Sometimes, a pair of phone calls is all it takes to seal the deal. That’s what Peter Carlaftes, codirector of New York City–based Three Rooms Press, and his partner, Kat Georges, discovered last August when, after a brief call with the David Black Agency, the duo spent two and a half hours on the phone with William Least Heat-Moon, the author of the 1982 bestselling travel memoir Blue Highways: A Journey into America.

“His agency gave us a call last August, saying that he had looked around and had found our press and said that we were one of the few presses he would like to consider publishing his debut novel,” Carlaftes recalled. “He liked what we were doing and what we were about, and was also anti-big press at that time for his own reasons. We didn’t know what to think of this. The man sold six million books.”

After discussing Three Rooms and its mission and agenda, Least Heat-Moon “fell in love,” Carlaftes said, and after a little bit of hashing out the advance, Three Rooms ended up signing its first hardcover book and Least Heat-Moon sold his first novel.

Celestial Mechanics: A Tale for a Mid-Winter Night will release on April 11 with a first printing of 5,000 copies—Three Rooms’ largest initial print run yet. Its hero is Silas Fortunato, who applies for an editorial position at the “spirituality” section of a local newspaper and realizes he cannot adequately explain his beliefs within the rubric provided. An “emotional tale of haunted love,” the novel finds Silas locked in a tempestuous marriage before the arrival of his sister-in-law and the appearance of a new, “witching” neighbor, who may or may not be alive. Together, the three women challenge him to explore both dreams and reality and look to “a new belonging to something vastly beyond himself.”

The excitement at the small publisher is palpable. “We’re hoping that we have to reprint soon,” Carlaftes said. “He’s very confident in the book and believes it will catch on. And we have the paperback rights as well.”

Least Heat-Moon is best known for his travel writing, and the bulk of his books have gone to houses such as Houghton Mifflin, John Wiley, and Little, Brown, before he jumped into the university press world for his latest two books—one a translation, the other a behind-the-scenes account of writing Blue Highways. The choice to go with a press like Three Rooms, Carlaftes said, “says something about our indie roots.”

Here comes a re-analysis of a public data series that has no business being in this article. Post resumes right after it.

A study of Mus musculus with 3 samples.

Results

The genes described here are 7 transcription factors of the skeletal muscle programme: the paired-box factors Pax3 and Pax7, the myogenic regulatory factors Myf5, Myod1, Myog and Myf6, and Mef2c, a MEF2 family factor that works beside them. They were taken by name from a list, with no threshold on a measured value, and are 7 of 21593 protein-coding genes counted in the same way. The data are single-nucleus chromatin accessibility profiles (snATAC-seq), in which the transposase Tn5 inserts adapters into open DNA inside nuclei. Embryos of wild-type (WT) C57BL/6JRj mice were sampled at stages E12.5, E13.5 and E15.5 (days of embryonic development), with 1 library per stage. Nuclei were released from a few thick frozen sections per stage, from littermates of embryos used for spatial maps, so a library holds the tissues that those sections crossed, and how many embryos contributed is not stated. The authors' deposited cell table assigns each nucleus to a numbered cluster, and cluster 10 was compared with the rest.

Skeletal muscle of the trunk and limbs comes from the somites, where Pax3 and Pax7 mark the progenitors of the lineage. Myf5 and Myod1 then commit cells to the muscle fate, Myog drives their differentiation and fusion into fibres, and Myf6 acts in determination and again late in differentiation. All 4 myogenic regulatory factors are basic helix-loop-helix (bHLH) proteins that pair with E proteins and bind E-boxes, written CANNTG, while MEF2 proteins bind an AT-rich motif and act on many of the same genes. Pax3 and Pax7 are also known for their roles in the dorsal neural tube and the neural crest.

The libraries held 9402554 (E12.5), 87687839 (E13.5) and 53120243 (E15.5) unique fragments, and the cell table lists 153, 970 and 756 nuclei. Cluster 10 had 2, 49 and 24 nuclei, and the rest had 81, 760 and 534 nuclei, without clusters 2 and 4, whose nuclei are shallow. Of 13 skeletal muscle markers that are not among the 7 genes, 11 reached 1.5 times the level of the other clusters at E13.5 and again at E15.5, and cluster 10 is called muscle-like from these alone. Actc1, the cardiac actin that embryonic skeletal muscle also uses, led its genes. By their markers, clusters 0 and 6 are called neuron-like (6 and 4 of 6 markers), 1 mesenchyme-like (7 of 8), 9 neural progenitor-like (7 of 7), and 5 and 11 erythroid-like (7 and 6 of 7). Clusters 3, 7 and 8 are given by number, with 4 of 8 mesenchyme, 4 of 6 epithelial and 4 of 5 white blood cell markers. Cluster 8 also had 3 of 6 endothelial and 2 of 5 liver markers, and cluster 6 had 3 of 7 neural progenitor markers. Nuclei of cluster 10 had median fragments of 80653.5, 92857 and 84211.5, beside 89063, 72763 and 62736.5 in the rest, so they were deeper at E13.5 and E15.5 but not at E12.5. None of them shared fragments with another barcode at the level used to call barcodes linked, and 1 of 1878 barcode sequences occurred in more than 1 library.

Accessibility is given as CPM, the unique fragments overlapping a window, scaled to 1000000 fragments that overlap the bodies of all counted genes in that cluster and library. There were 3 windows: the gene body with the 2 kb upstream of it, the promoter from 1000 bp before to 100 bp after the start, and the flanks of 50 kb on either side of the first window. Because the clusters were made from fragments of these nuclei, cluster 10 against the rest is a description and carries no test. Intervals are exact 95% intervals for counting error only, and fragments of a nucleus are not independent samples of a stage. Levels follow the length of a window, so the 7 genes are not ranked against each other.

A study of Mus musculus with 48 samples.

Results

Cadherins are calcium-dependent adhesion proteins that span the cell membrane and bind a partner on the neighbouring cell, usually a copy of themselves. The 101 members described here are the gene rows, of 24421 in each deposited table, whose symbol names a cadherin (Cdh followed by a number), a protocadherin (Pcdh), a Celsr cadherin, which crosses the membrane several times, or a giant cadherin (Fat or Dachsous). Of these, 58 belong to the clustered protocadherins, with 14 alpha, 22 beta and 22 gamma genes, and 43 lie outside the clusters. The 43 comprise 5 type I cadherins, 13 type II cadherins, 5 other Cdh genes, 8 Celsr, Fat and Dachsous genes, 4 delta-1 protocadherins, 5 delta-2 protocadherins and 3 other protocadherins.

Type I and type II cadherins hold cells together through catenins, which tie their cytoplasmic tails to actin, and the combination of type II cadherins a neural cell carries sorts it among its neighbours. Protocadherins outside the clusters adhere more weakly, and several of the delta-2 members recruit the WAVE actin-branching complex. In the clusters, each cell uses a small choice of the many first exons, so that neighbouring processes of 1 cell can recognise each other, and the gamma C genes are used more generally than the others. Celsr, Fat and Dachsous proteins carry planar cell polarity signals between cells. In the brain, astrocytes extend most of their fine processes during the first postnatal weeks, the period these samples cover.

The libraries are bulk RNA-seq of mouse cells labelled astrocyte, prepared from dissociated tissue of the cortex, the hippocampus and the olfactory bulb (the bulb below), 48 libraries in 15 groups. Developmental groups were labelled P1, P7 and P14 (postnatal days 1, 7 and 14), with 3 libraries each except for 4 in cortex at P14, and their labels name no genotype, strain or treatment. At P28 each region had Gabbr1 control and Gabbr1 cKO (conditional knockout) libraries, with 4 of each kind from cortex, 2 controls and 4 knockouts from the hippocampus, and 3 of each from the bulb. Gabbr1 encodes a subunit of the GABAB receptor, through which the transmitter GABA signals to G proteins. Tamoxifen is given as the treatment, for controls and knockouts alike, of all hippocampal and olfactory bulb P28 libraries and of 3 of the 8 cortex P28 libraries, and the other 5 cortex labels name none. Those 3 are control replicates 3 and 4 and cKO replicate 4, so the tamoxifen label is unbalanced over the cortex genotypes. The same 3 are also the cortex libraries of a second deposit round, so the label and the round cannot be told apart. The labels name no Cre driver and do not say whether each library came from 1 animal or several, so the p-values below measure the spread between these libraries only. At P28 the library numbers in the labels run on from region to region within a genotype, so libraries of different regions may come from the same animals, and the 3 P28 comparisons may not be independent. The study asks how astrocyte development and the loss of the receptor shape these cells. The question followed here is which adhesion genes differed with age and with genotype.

Those roots are in both New York and San Francisco. In the 1990s, Carlaftes and Georges, who are both playwrights, owned a theater together in San Francisco, where the two “were doing original theater, kind of round robin,” throughout the decade.

“At that time, Kat was running poetry readings and that kind of thing, so we decided to publish some of our own chapbooks, and called the press Three Rooms Press,” Carlaftes said. “It’s a line from the 1964 Howard Pinter play The Homecoming,” a work in which Carlaftes once performed each of the six characters. He added: “It’s not because we are a really tiny press and only have three rooms—although people may believe that.”

That said, the press’s early days were bohemian, to say the least. “We didn’t have a stove—we didn’t have a kitchen [in our home] there, so the stage was our stove,” Carlaftes said. “We did our cooking there, and every six months our feng shui changed because we did a new play and we had a new stove.”

The publisher moved to Greenwich Village in 2003, and eventually joined Publishers Group West for distribution. Carlaftes said the press typically publishes between six and 10 titles a year in a range of genres; while Three Rooms may have cut its teeth on poetry and theater, the publisher’s bestselling title to date, Weird Girl and What’s His Name by Meagan Brothers, is a YA fiction title, and the first title to really catch the publishing world’s eye was Mike Watt: On and Off Bass, an experimental retrospective by seminal punk rock bass player Mike Watt.

In addition to Carlaftes and Georges, the company’s other full-time employee is editor-in-chief Constance Renfrow. PR work is done by an outside firm, Over the River Public Relations. “We’re grassroots. Hands-on. Hardworking. Hard-thinking,” Carlaftes said, adding that he and Georges will personally travel on a multistop book tour with Least Heat-Moon from April through June. The tour will wind through Least Heat-Moon’s home state, Missouri, with a few stops in the Midwest and Florida, as well as the ALA annual meeting in Chicago in June.

“We’re in this to do good for the reader, the publishing world, for literature as a whole,” Carlaftes said. “That’s where we’re at.”